With underage drinkers accounting for up to 20 percent of U.S. alcohol sales, it’s no wonder that scrutiny of beverage marketing is growing.
Two recent reports shed light on the subject. One found that the industry has decreased magazine ads that are likely to be seen by youth. The other shows that alcohol marketers have pulled out all the stops online–with viral videos, Facebook fanpages, and games featuring their products.
In 2003, alcohol marketers pledged to restrict their ads to media in which less than 30 percent of the audience is under 21. By 2008, they had largely met that threshold, according to researchers at Johns Hopkins Bloomberg School of Public Health. In all, youth exposure to alcohol ads in magazines fell by 48 percent between 2001 and 2008, they estimated.
However, young people comprise 15 percent of the population, and the proportion of alcohol ads in magazines with more than 15 percent youth readership rose from about 70 percent to 78 percent over the same period, the study found. As a result, teens are still ‘overexposed’ to ads for alcoholic beverages, the researchers said.
Meanwhile, the industry like many others has launched interactive online campaigns. Included are smartphone applications and videos that engage people for minutes at a time, according to a report by the Center for Digital Democracy, Berkeley Media Studies Group and American University. The report also documents social media campaigns that target users who have the word “drinking” in their profiles.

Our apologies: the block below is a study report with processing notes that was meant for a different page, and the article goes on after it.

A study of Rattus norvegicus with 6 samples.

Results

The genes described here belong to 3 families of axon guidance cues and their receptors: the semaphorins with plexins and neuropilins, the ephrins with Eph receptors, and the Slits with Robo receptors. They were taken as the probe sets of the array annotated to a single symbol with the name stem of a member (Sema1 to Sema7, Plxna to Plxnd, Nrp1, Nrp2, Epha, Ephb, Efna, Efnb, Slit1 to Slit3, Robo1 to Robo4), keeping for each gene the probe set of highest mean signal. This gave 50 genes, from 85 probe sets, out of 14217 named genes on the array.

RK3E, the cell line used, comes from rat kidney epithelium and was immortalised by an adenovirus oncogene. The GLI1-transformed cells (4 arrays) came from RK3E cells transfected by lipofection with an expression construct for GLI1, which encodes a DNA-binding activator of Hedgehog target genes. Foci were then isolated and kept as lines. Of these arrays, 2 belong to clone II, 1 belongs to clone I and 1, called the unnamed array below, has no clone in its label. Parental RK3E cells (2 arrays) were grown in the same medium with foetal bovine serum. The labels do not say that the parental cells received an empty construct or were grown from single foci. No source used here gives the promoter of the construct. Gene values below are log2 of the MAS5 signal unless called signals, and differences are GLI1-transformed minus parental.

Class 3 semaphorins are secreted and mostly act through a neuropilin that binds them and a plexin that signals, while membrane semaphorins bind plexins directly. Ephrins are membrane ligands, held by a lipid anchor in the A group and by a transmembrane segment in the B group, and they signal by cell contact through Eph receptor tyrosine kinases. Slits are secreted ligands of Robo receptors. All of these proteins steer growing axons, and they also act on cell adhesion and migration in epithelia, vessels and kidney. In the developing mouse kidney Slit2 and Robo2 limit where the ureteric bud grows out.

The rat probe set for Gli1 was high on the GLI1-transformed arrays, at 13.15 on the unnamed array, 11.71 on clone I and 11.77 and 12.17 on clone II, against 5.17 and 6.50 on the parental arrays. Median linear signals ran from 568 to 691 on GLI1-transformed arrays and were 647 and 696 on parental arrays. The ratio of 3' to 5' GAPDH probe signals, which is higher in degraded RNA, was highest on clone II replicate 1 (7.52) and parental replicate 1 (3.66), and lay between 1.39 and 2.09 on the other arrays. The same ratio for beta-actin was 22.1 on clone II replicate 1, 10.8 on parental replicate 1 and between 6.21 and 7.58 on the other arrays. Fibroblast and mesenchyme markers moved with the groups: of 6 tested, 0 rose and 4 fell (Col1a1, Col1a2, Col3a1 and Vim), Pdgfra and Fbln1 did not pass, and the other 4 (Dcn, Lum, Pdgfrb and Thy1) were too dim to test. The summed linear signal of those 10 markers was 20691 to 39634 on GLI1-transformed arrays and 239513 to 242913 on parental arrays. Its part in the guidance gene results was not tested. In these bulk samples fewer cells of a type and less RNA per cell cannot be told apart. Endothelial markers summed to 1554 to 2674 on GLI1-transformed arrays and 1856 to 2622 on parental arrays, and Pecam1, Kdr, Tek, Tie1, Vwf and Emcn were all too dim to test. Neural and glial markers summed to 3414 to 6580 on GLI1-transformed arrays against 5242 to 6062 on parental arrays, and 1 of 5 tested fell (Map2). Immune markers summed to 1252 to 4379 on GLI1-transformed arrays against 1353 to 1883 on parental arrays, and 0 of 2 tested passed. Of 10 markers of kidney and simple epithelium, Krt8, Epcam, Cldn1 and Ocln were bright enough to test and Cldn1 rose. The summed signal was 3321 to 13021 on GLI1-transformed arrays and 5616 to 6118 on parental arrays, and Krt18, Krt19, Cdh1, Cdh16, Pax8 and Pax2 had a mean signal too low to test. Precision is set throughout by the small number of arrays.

Age verification systems on services like Facebook are supposed to shield underage users from alcohol ads, but they often fail since kids can input fake birthdates, the report says. The study’s authors urged the Federal Trade Commission and state attorneys general to investigate age-verification safeguards and how alcohol beverage companies collect data online.
Lisa Hawkins, a spokesperson for the Distilled Spirits Council of the United States, said beverage companies are showing restraint online. “In today’s marketplace, online . . . channels are used primarily by adults,” Hawkins told the Heartland Instititute, “which makes these platforms responsible and appropriate channels for spirits marketers.”